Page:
Tijana Martin/The Canadian Press

Ontarians are a week away from finding out what a Doug Ford government looks like, after he and his ministers are sworn in next Friday.

For now, Mr. Ford’s Progressive Conservatives are mostly preoccupied with transitional work – briefings, lining up staff, orientation sessions for a swarm of rookie MPPs that includes the premier-designate himself.

But for those hankering to know how Mr. Ford will approach his early days in office, he has already sent a few early signals – some publicly, and others behind the scenes.


What they were actually doing, so far as one can tell, was sending notice that they will end the programs immediately upon taking office, with the cutoff applied retroactively. But the message was that Mr. Ford can’t wait to get rid of departing premier Kathleen Wynne’s climate-change strategy, and he promises that the cap-and-trade program whose revenues fund the energy-efficiency subsidies will quickly meet a similar fate.

Given that companies have already purchased $2.8-billion in credits to be cap-and-trade compliant, Mr. Ford would have an excuse to move slowly. And there are people around Queen’s Park arguing that he should show that kind of patience, generally – taking the summer to form policy plans, and let ministers get acclimated, after running on a platform extremely light on implementation details.

All indications out of Mr. Ford’s camp, though, are that he doesn’t think he has time to waste before starting to deliver on various commitments to make life more affordable, possibly even planning a brief summer sitting of the legislature to start introducing tax cuts.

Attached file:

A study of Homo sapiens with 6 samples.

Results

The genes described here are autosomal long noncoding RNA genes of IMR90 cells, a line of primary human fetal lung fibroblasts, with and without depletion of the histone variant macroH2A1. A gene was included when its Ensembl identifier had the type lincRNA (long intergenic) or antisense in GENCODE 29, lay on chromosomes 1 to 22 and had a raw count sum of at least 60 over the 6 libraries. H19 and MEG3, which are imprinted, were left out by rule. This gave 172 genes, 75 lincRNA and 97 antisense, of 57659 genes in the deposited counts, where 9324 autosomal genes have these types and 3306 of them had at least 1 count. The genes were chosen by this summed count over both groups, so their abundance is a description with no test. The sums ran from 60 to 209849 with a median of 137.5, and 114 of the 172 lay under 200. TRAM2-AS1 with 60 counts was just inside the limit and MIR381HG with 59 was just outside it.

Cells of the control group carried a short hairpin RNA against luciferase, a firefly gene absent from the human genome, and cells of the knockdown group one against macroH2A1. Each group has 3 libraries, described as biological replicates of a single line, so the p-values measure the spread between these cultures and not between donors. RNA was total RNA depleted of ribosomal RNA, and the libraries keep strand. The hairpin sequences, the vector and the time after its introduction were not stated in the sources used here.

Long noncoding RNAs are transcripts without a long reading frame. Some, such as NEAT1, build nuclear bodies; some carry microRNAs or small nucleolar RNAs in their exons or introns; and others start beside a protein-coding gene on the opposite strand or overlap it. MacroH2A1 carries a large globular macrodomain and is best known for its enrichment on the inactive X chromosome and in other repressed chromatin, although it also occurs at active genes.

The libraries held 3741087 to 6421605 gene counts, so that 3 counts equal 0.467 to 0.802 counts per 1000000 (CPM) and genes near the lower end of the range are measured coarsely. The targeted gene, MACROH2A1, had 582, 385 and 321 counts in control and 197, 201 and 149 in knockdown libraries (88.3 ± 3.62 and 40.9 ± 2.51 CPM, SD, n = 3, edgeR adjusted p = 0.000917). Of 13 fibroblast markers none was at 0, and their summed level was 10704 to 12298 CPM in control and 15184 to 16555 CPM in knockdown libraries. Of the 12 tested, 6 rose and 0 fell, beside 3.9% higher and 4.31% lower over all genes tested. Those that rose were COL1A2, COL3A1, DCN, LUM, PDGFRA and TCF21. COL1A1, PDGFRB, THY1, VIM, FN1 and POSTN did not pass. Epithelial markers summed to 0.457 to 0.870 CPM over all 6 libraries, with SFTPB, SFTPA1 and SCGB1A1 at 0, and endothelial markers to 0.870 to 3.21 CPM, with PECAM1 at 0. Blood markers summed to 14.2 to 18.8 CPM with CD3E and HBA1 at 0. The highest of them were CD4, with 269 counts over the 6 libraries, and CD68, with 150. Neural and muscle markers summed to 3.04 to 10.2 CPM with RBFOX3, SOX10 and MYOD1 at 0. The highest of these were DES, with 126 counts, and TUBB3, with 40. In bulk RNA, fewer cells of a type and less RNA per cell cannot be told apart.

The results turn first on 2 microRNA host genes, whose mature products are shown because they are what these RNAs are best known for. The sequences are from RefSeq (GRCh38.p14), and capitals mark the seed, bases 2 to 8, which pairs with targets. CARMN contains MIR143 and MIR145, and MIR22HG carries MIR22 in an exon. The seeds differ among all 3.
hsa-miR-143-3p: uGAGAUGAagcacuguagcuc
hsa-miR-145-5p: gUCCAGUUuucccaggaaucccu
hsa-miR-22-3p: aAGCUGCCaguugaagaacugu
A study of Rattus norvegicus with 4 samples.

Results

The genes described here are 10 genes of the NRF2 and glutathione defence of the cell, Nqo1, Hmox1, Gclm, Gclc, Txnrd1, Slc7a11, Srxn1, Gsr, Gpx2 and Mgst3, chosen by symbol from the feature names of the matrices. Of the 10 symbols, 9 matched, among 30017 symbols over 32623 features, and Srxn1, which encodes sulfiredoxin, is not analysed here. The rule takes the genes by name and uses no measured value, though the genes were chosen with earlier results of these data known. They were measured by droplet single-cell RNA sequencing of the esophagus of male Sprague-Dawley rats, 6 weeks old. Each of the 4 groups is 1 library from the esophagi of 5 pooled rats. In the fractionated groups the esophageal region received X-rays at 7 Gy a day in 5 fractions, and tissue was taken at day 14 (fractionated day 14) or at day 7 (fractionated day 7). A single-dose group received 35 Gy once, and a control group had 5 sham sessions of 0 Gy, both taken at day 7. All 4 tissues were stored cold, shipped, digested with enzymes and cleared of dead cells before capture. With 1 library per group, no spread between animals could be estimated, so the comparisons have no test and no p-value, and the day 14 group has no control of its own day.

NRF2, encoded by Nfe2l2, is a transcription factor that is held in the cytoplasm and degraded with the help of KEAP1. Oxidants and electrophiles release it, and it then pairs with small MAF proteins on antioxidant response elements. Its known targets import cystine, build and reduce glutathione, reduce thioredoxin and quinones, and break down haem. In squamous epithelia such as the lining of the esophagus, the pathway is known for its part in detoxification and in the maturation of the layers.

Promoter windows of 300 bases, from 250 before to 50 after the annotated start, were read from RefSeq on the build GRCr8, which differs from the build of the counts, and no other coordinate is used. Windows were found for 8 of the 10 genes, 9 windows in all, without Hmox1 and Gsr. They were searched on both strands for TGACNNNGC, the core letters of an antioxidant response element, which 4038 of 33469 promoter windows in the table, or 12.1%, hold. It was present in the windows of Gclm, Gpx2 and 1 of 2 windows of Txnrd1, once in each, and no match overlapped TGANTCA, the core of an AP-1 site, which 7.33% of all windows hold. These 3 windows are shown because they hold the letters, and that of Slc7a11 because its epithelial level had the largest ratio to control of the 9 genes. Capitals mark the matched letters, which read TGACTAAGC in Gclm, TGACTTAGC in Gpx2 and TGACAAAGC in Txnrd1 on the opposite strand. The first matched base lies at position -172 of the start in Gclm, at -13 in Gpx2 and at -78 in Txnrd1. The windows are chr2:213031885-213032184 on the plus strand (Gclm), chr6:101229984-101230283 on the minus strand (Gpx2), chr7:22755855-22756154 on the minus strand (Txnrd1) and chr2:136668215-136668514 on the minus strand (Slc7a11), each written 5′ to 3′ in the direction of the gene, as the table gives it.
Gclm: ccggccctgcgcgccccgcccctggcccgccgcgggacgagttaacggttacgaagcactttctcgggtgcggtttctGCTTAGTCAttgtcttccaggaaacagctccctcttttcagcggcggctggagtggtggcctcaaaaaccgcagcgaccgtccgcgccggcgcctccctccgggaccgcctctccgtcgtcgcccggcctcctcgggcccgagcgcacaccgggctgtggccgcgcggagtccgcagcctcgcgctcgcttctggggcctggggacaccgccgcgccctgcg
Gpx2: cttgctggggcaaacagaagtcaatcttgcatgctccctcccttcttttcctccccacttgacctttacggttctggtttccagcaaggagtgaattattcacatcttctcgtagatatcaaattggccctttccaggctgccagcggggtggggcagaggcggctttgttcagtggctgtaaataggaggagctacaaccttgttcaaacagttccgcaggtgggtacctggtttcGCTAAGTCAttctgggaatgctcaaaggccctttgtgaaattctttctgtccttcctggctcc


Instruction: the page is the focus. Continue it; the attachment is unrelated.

A sharp contrast to Mr. Ford’s certainty on something such as climate policy is his hedging on whether to proceed with the province’s plans to sell marijuana through government-run stores, or allow private sales as he suggested prior to the election before backtracking.


His apparent discomfort with the issue is understandable, since it divides free-market and social conservative members of his party, and his own hash dealing back in the 1980s, revealed in a 2013 Globe and Mail investigation, is liable to re-enter the conversation. But his handling of it will also be a good early test of how he deals with decisions foisted on him that weren’t part of his platform – which, the longer a premier stays in office, becomes more and more the job.


It hasn’t taken long to get the impression that the provincial bureaucracy is in for big changes on a couple of fronts.

One is culture. Belt-tightening policies announced alongside a hiring freeze – travel restrictions, no more catered food for staff meetings, cancellation of media subscriptions – may cause snickering in government and corporate circles. Likewise Mr. Ford’s suggestion that PC caucus get-togethers will feature Costco burgers purchased out of pocket. But he’s setting a tone, and it’s one that many Ontarians who voted for him will think is overdue.

The other is staff. The retirement announcement this week by health deputy minister Bob Bell, one of the most powerful bureaucrats Ontario has seen in recent years, was probably not unrelated to the desire of Mr. Ford’s preferred health-policy guru, Rueben Devlin, to chart a different course. Expect more departures as the Tories settle into office, particularly among those who, like Dr. Bell, were particularly influential under the Liberals.


More recently, it’s emerged that another very senior role in his office will be served by Jenni Byrne, the former federal Conservative campaign director who was one of the most powerful people in Stephen Harper’s Ottawa.

That seems to suggest the continuation of a dynamic from this spring’s campaign: Mr. Ford being advised by a mix of political professionals (such as Ms. Byrne) and Ford Nation sorts (such as Mr. French).

It could make for a good balancing act, or for tensions that prove untenable as Mr. Ford’s government really gets down to business.